The Diagnostic and Statistical Manual of Mental Disorders is what treating professionals look at when diagnosing someone with a mental illness or substance use disorder. There are certain criteria that need to be met in order for someone to be diagnosed with a substance use disorder. The newest edition, the Fifth Edition, was released by the American Psychiatric Association in 2013. Continue reading to learn more about what the DSM-5 says about substance use disorder.
DSM-5: 11 Classes of Drugs
- Other/unknown substances
DSM-5: 11 Diagnostic Criteria
- The individual may take the substance in larger amounts or over a longer period than was originally intended.
- The individual may express a persistent desire to cut down or regulate substance use and may report multiple unsuccessful efforts to decrease or discontinue use.
- The individual may spend a great deal of time obtaining the substance, using the substance, or recovering from its effects.
- Craving is manifested by an intense desire or urge for the drug that may occur at any time but is more likely when in an environment where the drug previously was obtained or used.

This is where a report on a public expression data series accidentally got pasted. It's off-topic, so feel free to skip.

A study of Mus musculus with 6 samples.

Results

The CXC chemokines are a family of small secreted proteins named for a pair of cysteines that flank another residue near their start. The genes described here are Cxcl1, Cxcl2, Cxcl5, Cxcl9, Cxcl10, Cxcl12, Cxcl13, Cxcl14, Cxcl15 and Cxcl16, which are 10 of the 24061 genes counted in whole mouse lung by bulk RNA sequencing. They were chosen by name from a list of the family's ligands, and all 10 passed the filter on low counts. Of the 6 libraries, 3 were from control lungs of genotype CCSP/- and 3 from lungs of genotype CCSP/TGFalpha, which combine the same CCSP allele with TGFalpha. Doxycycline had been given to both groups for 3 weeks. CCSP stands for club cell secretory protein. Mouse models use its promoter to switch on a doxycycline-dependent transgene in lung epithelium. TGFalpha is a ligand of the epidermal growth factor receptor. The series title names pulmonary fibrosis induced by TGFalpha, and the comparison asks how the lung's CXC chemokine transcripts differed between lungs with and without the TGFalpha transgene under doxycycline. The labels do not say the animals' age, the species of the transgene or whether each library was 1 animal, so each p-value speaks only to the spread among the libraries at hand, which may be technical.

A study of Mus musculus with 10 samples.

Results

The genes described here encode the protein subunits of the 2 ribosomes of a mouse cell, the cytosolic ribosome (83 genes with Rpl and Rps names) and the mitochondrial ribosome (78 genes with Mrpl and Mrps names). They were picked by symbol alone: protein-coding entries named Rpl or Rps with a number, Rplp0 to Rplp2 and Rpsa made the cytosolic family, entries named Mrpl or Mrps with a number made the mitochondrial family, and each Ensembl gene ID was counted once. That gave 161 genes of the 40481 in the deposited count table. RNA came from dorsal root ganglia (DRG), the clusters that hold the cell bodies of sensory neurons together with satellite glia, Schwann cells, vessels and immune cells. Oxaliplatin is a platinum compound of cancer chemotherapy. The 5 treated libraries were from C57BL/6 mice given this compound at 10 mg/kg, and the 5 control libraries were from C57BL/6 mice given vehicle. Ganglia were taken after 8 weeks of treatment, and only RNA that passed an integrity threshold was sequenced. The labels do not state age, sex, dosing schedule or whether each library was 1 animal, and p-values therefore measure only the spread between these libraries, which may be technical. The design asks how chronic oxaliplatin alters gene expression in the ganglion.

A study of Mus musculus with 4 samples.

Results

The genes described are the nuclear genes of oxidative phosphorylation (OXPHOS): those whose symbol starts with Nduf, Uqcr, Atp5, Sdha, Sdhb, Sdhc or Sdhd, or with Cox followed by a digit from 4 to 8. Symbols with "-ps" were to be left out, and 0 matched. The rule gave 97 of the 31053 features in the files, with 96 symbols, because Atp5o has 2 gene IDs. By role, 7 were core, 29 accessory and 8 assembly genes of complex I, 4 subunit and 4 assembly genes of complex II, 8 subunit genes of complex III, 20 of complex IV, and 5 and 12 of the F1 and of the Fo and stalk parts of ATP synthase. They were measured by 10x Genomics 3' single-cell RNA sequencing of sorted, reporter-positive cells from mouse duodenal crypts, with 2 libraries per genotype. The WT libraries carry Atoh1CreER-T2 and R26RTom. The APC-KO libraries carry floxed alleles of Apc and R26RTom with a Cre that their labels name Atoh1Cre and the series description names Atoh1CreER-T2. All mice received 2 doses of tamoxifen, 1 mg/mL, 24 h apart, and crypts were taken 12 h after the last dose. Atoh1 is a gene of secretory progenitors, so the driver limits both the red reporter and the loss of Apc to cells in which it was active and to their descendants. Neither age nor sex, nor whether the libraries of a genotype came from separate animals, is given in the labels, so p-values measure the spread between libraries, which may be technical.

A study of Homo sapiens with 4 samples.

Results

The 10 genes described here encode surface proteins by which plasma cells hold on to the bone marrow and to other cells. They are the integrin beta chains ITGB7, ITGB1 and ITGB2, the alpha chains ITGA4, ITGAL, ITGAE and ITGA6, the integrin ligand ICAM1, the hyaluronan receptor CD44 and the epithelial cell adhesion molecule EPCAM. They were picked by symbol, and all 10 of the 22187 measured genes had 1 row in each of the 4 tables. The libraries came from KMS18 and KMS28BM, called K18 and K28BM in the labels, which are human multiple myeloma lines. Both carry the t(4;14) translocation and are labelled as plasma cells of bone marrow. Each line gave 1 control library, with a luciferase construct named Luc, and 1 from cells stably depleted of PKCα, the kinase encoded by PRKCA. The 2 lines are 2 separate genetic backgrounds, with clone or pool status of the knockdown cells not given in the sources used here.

- Recurrent substance use may result in a failure to fulfill major role obligations at work, school, or home.
- The individual may continue substance use despite having persistent or recurrent social or interpersonal problems caused or exacerbated by the effects of the substance.
- Important social, occupational, or recreational activities may be given up or reduced because of substance use.
- Risky substance use may take the form of recurrent substance use in situations in which it is physically hazardous.
- The individual may continue substance use despite knowledge of having a persistent or recurrent physical or psychological problem that is likely to have been caused or exacerbated by the substance.
- Tolerance is signaled by requiring a markedly increased dose of the substance to achieve the desired effect or a markedly reduced effect when the usual dose is consumed.
- Withdrawal is a syndrome that occurs when blood or tissue concentrations of a substance decline in an individual who had maintained prolonged heavy use of the substance.
If you are struggling and you see yourself in these diagnostic criteria for substance use disorder, Arbor Behavioral Healthcare wants to talk to you. We know you might be hesitant, but we can help you. There is a life worth living beyond the use of the substance. We want to help. Call us now at (844) 413-2690. We want to speak with you. Call now, you won’t be disappointed.